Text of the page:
In the constantly-evolving world of hand-held electronics, it is difficult to identify a long-term trend with any certainty. New versions are released every six months, it seems, and anything older than 2010 is considered antiquated.
Ink-on-paper, as the church choir well knows, has been as steady and consistent as the Swallows at Capistrano. Sure, the manner in which ink gets attached to substrate may have taken on various iterations in the last 100 years alone. But, at its core, ink-on-paper is the primary vehicle.
So what happens when the happy feet of electronics collides with the stay-at-home consistency of printing? Printing becomes more dynamic and interactive, and mobile electronics become a greater e-commerce tool. The pairing is anything but smooth, and it is bound to become completely unrecognizable in the next five years. But, the concept that printing and electronics can be catalysts for each other's growth to perpetuate the ultimate goal—delivering messages that are efficient and effective at turning clicks into cash—underscores the belief there is room at the communications table for both channels.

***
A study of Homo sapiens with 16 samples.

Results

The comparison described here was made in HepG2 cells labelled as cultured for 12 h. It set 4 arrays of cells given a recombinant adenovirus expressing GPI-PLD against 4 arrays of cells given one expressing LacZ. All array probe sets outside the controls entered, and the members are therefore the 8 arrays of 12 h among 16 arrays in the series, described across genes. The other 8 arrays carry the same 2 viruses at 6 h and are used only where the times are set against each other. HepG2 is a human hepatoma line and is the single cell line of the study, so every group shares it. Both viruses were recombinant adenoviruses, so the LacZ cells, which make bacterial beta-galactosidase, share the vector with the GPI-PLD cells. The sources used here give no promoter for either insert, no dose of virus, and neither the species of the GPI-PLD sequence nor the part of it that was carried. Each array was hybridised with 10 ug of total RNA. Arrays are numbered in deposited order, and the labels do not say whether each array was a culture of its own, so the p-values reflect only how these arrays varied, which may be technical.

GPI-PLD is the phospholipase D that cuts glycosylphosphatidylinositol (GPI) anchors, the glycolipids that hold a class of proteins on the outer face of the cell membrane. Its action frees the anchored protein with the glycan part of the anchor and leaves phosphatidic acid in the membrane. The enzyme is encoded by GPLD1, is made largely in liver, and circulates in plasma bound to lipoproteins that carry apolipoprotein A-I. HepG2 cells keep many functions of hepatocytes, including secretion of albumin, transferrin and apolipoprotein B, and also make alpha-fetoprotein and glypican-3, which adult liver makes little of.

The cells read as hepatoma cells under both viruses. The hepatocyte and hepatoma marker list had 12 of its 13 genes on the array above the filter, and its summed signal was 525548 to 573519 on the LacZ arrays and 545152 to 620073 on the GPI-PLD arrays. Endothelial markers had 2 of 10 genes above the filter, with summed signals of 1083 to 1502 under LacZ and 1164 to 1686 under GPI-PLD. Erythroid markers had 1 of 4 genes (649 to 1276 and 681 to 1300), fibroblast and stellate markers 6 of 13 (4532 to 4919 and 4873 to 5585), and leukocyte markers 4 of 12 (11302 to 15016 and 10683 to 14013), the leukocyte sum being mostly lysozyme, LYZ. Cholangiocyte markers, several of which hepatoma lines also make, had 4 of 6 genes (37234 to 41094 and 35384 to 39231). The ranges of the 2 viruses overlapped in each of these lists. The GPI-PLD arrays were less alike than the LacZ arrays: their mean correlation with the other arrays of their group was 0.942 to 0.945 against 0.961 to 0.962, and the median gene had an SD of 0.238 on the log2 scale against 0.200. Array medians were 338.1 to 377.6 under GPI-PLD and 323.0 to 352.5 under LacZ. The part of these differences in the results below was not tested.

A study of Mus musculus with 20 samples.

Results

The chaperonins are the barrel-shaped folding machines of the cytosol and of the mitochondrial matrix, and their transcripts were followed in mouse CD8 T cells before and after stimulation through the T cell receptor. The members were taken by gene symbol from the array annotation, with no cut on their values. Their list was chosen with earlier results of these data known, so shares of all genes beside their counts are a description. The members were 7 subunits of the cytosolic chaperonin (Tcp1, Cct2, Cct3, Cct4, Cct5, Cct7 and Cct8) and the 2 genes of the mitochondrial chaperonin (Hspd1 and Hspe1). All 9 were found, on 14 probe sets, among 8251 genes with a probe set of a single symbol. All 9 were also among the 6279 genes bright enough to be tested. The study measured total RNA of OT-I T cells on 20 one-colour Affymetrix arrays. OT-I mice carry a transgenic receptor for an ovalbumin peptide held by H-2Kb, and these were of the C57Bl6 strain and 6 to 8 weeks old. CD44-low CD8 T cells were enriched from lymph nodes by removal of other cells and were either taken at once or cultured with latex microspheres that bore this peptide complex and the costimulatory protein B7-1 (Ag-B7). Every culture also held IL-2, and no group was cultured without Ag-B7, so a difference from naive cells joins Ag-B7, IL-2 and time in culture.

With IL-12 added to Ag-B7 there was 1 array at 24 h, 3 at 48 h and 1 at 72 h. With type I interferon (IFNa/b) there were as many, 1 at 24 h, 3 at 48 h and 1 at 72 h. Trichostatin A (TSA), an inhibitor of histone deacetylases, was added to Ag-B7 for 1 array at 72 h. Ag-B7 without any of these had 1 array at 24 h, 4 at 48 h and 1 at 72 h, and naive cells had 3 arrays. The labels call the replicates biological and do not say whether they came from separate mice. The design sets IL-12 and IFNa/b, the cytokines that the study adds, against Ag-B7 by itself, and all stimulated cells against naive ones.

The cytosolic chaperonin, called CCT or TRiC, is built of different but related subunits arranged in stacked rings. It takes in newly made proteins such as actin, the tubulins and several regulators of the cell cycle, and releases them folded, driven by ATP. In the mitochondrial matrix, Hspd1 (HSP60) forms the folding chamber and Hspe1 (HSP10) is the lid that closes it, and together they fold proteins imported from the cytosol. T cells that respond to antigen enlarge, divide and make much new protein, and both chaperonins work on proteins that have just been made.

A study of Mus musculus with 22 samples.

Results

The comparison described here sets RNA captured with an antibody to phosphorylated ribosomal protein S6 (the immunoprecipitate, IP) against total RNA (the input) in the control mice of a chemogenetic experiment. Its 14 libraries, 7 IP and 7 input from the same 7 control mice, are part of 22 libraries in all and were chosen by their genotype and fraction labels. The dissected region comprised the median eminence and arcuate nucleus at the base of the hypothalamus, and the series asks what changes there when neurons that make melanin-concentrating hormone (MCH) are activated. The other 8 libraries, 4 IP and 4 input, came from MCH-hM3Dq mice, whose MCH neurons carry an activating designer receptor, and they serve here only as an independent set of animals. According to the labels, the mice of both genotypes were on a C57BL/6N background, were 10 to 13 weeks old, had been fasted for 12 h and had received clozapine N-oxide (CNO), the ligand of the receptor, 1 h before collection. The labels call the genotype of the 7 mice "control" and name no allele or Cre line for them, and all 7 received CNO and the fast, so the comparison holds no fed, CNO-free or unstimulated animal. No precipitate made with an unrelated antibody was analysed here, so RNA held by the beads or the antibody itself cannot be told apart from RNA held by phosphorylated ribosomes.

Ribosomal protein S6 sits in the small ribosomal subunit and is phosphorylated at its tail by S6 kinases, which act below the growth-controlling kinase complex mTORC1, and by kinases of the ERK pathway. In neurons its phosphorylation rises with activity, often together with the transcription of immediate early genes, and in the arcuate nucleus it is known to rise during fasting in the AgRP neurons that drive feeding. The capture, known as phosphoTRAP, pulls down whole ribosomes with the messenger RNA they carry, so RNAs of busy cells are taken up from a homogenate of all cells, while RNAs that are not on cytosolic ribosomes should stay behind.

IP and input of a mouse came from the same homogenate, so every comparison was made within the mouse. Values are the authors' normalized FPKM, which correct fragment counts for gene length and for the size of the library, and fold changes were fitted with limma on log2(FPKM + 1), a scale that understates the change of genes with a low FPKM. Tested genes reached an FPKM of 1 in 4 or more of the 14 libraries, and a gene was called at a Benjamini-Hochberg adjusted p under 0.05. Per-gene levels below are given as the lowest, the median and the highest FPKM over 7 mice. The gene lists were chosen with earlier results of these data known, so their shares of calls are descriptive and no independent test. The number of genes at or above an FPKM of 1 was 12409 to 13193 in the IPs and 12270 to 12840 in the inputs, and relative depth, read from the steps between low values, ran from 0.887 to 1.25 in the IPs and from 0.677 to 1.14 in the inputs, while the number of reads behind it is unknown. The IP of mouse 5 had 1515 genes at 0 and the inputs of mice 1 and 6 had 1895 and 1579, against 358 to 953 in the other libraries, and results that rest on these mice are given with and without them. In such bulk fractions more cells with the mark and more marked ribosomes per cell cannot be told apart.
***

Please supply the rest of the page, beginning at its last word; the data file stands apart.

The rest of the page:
A number of technologies have rumbled across the printing spectrum during the past five years, some of which are fairly common, while others have largely untapped potential. Their history is being written now, and while some of these technologies might not have staying power, they're certain to be replaced in short order.
Keeping an open mind, recognizing profit potential and identifying a point of entry was all the fodder that Quad/Graphics needed to embark on its mobile technologies platform, Interactive Print Solutions (IPS). Actually, it was a direct result of QIC (Quad Idea Catapult)—the company's innovation process management framework—vetting the technologies and creating IPS as a vehicle toward delivering mobile technologies to customers.
It helps that Quad/Graphics CEO Joel Quadracci not only gave the endeavor his full blessing, but acts as an evangelist for the mobile technologies.